Saturday, February 21, 2015   (0 Comments)
Posted by: Samantha Porter

One Health mental-health professionals reverse the process to determine if their patients need to see a medical doctor,

This process, called Screening, Behavioral Intervention and Referral to Treatment, is referred to as the “fifth vital sign” by Dr. Ronald Dwinnells, chief executive officer of One Health Ohio, a federally qualified health center.

“When people visit their medical providers, four vital signs — temperature, pulse, breathing rate and blood pressure — are usually the first things checked to ensure that the basic vital portions of our health are intact,” said Dr. Dwinnells.

SBIRT is an integrated health care philosophy or mechanism to screen and help people who have behavioral-health issues and get them help and treatment as quickly as possible, said Dr. Dwinnells, whose organization is considered a pioneer of the concept and has received federal and state funding for additional research.

Headquarters for One Health Ohio is at Youngs-town Community Health Center at 726 Wick Ave., Youngstown.

Other One Health Ohio facilities are: Warren West Health Center, 716 Tod Ave. SW, Warren; Good Samaritan Health Center, 1390 S. Arch Ave., Alliance; Lloyd McCoy Health Center, 1977 Niles Road SE, Warren; East Market Pediatrics, 1032 E. Market St., Warren; and Market Street Pediatrics, 1821 E. Market St., Warren (currently closed for renovations).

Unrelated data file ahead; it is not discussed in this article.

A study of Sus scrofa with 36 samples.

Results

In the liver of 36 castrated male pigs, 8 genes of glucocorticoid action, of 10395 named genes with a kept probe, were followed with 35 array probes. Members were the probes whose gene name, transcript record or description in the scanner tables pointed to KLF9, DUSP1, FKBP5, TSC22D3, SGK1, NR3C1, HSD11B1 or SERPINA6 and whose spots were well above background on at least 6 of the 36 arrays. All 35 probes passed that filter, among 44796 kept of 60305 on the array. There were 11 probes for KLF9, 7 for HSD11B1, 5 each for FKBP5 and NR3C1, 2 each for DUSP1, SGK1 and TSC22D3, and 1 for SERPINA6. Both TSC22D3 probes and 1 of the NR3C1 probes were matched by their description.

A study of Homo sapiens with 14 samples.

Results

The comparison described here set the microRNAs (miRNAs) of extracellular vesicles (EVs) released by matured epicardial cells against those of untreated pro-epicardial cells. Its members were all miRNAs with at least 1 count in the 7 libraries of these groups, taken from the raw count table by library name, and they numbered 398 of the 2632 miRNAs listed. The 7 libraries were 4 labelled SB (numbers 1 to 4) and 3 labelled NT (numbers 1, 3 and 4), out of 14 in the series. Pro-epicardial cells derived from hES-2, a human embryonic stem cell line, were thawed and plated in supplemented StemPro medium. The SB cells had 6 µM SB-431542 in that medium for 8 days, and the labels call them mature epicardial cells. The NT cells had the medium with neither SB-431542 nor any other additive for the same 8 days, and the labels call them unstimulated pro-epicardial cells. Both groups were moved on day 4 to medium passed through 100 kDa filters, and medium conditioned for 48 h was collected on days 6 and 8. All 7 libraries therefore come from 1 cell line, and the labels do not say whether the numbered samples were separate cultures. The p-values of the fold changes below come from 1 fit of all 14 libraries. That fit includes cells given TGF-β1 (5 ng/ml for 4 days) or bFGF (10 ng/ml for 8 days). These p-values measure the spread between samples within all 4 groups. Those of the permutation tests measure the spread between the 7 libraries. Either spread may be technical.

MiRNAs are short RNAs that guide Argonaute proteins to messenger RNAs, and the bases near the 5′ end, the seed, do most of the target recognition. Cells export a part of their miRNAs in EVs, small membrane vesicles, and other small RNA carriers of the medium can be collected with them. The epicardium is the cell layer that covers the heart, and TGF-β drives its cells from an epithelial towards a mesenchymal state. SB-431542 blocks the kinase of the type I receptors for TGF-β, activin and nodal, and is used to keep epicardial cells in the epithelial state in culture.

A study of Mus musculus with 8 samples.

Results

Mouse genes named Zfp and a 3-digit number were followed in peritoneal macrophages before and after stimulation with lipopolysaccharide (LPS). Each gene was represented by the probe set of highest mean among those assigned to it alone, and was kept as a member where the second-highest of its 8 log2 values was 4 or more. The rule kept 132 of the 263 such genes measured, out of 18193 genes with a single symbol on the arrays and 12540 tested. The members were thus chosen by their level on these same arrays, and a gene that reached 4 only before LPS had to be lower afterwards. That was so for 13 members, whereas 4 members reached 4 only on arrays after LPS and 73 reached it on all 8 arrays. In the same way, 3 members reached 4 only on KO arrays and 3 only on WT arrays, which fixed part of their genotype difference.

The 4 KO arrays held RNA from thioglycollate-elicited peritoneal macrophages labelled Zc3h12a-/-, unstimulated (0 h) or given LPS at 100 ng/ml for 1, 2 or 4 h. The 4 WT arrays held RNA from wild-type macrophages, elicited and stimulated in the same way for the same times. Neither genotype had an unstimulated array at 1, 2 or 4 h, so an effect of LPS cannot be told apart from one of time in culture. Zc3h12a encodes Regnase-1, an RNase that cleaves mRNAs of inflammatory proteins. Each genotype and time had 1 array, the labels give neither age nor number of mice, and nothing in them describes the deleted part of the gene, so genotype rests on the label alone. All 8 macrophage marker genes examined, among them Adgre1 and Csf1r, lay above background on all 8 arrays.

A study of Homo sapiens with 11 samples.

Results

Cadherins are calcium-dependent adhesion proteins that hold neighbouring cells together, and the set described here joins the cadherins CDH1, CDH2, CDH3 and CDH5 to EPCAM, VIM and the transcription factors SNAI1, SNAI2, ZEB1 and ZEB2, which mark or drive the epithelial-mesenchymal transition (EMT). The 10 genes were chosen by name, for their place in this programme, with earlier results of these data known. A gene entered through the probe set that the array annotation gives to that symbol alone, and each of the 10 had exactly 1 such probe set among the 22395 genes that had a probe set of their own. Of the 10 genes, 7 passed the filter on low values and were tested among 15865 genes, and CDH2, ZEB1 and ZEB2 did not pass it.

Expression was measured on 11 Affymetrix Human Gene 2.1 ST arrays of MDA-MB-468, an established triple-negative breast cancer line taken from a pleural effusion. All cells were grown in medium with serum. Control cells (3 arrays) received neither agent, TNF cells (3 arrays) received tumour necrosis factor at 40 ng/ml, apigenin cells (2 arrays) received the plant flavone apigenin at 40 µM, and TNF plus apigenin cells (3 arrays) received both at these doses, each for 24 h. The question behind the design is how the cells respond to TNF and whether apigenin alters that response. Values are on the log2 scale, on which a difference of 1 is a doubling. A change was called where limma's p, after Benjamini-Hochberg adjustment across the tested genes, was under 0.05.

“Our clinical research project on SBIRT has gained considerable attention in the health care world,” said Dr. Dwinnells.

Recently, one of his research articles on SBIRT was accepted for publication in The Annals of Family Medicine, a national medical journal; and locally, OHO received an award from Youngstown’s Neil Kennedy Recovery Center recognizing OHO’s efforts to integrate and support behavioral health and medical care.

By incorporating a screening process for behavioral-health issues, Dr. Dwinnells said OHO identified 70 percent of its patients as having some type of behavioral health problem, such as alcoholism, drug abuse or depression.

This is significant because most people do not go to the medical doctors because they have a drinking, drug or depression problem; they usually go because of some tangible physical problem such as a headache or sore throat, he said.

Also, in general, doctors do not ask patients if they are depressed or abusing anything. As a result, patients often suffer in silence until it is too late, he said.

A pre-screening questionnaire consisting of five questions is given with every medical visit, to make sure their well-being check is complete.

If the questionnaire garners any positive answers, there are more detailed tests: Drug Abuse Screening Test, Alcohol Use Disorders Identification Test, and Patient Health Questionnaire for Depression.

“The reason SBIRT and the integration of behavioral and primary health care is so big in the health world is that it has never been done on this large of a scale,” said Dr. Dwinnells.

Also, he had a very personal reason for wanting to see screening for behavioral problems instituted through SBIRT: His father’s depression that led to his eventual suicide was not identified by a medical doctor.

“Perhaps if a health clinician had intervened to address my father’s depression before it was too late, he might have lived. That is an unrealized possibility that he said has guided his efforts to integrate behavioral health into primary-care settings in his own work.